Just a year ago today, the first news came out about mass surveillance by the National Security Agency. Within days, it was revealed that Edward Snowden, a contractor working with the NSA, was the source of the disclosure, and the world we live in has changed greatly.
Over the course of the past year, what started as a single disclosure about NSA surveillance activities has exploded into a plethora of information about how the U.S. government has been listening in on the activities of Americans and others around the world. The result has been nothing short of a global conversation about privacy in the modern world and a re-evaluation of how individuals and organizations can secure themselves from surveillance.
A year ago, I found myself serving as a judge for the Red Hat Innovation awards at the Red Hat Summit and one of nominees I was onstage with was Booz Allen Hamilton, the same firm that Snowden had worked for. I joked mildly onstage about the rough week that Booz Allen Hamilton was likely having, given their connection to Snowden.
A year ago, no one could have known that the initial disclosure was just the beginning of a series of disclosures that have continued to emerge over the past 12 months. The initial disclosure was around a program known as Prism, which is a bulk metadata collection effort for the communications of Americans.
The disclosure about Prism sparked a large public outcry and there was much fear about the widespread impact it could have. A month later, in July at the Black Hat security conference, I found myself in the front row, just 5 feet away from General Keith Alexander, then-director of the NSA.
Alexander had come to Black Hat to detail and defend the Prism program. He referred to Prism as the Section 702 Foreign Intelligence Surveillance Act (FISA) amendment. He stressed that it operated with full oversight and is a lawful intercept program for foreign intelligence.
“We have a metadata program that helps us to connect the dots in the least intrusive way we can,” Alexander said at the time.
During his Black Hat session, Alexander was interrupted by a heckler who yelled out, “Read the Constitution.” Alexander responded, “I have, and you should, too.”
The U.S. Constitution is something that Snowden has wrapped himself in as justification for his actions. In a March interview, Snowden responded to a question about oversight from World Wide Web creator Tim Berners-Lee.
“The problem is when the overseers aren’t interested in oversight and Senate and House Intelligence committees are cheerleading for the NSA instead of holding them to account,” Snowden said.
Snowden’s disclosures have not fallen on deaf ears, leading to meager reform with the government itself. In January, President Obama pledged to curb NSA privacy concerns. In May, the USA Freedom Act was passed in a bid to limit the risks of bulk collection of Americans’ communications though questions still remain about privacy.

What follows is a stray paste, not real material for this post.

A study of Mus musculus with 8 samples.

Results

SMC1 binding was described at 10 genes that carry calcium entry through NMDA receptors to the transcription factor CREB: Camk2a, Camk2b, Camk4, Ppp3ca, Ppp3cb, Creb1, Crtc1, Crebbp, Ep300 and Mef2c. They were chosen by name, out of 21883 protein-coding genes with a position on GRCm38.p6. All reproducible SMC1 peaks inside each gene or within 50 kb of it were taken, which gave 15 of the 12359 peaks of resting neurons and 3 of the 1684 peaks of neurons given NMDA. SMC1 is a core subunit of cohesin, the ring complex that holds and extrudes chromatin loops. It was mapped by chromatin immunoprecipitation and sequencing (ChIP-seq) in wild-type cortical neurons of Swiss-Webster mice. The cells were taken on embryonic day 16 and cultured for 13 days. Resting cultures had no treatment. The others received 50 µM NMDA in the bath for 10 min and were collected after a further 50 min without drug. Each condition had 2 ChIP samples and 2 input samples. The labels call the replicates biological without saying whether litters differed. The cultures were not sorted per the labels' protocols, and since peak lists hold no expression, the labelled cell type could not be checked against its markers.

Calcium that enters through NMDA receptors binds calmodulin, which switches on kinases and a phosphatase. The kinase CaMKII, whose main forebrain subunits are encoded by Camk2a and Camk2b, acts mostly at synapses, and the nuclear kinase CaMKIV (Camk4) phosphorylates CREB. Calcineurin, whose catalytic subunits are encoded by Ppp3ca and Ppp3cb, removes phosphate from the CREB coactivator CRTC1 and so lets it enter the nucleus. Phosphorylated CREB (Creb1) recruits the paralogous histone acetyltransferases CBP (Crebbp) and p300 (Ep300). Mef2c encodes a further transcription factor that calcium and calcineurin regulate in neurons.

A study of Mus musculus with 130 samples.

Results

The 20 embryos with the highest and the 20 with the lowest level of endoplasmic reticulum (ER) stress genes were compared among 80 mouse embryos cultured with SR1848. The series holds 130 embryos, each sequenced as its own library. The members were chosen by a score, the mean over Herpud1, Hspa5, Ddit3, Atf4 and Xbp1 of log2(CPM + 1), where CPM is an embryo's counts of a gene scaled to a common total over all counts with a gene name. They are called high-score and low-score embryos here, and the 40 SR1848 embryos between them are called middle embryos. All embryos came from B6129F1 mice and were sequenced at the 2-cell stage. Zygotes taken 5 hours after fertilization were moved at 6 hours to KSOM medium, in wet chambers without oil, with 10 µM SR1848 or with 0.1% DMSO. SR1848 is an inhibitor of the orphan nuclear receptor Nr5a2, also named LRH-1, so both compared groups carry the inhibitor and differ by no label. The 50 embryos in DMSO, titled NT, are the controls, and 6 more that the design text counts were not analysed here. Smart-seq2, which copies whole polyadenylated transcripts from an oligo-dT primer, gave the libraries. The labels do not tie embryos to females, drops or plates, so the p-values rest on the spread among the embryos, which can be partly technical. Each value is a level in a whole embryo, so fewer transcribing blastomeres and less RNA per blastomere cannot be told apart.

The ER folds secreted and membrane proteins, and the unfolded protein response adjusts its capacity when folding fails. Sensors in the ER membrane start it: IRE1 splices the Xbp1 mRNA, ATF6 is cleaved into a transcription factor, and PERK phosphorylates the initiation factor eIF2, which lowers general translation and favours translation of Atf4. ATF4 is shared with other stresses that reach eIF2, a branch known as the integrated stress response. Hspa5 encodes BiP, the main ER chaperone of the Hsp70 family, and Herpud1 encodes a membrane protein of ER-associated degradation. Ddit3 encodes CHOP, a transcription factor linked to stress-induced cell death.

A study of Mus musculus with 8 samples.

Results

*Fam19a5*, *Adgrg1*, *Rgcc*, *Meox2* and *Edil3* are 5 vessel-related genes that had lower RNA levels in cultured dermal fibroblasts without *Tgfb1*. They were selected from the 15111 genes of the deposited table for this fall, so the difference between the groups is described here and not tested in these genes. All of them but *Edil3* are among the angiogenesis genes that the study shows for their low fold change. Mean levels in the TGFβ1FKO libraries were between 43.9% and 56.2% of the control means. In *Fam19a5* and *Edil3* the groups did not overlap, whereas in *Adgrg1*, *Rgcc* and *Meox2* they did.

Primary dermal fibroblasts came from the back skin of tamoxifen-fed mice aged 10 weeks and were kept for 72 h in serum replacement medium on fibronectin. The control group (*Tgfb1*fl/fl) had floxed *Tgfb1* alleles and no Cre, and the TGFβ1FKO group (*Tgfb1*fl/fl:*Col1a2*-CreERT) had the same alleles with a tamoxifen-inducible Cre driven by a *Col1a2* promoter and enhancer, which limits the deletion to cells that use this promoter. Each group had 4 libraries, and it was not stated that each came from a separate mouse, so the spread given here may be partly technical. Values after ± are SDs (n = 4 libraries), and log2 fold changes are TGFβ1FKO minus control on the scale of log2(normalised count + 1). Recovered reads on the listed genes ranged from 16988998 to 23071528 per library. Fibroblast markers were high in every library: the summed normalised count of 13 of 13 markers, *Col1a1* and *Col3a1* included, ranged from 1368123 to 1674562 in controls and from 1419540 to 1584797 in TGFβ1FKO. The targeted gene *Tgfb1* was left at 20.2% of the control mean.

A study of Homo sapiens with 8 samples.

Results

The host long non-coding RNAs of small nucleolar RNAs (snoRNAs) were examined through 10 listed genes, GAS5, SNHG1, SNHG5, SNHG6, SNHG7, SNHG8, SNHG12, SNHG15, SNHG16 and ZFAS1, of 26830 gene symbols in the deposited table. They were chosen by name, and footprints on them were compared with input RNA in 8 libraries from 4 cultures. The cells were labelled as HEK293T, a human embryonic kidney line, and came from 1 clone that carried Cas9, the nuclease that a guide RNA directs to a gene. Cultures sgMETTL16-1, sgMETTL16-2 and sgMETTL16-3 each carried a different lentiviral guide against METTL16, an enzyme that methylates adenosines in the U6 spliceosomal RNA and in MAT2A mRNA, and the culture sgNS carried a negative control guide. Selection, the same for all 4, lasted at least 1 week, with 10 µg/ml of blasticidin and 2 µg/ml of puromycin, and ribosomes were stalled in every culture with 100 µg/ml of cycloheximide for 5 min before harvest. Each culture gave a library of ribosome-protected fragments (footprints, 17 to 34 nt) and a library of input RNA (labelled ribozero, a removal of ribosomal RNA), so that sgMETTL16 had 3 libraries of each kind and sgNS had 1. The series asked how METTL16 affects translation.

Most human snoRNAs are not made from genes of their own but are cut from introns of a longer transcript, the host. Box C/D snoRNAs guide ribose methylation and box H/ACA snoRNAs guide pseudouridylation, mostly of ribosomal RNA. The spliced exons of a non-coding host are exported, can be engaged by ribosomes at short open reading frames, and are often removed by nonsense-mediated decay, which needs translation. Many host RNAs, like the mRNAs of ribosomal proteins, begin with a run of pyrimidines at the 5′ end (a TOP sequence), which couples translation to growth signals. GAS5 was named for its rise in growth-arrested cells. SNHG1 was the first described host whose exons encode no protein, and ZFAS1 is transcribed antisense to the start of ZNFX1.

While reform is happening somewhat within the U.S. government, Snowden’s disclosures have also had an impact in the private sector. A May report from the Electronic Frontier Foundation (EFF) found improved transparency from American companies about government data requests.
“This year, we saw major improvements in industry standards for informing users about government data requests, publishing transparency reports and fighting for the user in Congress,” the EFF report stated. “These changes in policy were likely a reaction to the releases of the last year, which repeatedly pointed to a close relationship between tech companies and the National Security Agency.”
Perhaps the biggest impact that Snowden’s revelations have had from a technology perspective is the emphasis on encryption as a way to help individuals and organizations protect themselves.
A panel of the world’s leading cryptographers at the RSA conference in February emphasized that Snowden’s disclosures prove that cryptography still works.
It’s a sentiment that cryptography expert Bruce Schneier echoed in an interview with eWEEK at RSA about what should be done with the NSA. “Cryptography still gives the NSA trouble,” Schneier said.
Snowden himself has been a strong advocate for the use of encryption as a way to help protect privacy. “By doing end-to-end encryption, you force global passive adversaries to go after the end points and the individual computers,” Snowden said. “The result of that is a more constitutional and carefully overseen intelligence-gathering model.”
One year ago, it was likely not possible to completely fathom the true impact of Snowden and his disclosures about the NSA and its activities. The lasting impact will likely be something that historians will be able to debate decades from now, as government policies and technologies evolve in the post-Snowden era.
Whether history judges Snowden to be a patriot or a traitor, the post-Snowden era is one in which awareness of government surveillance is at the forefront of Americans’ consciousness.
Sean Michael Kerner is a senior editor at eWEEK and InternetNews.com. Follow him on Twitter @TechJournalist.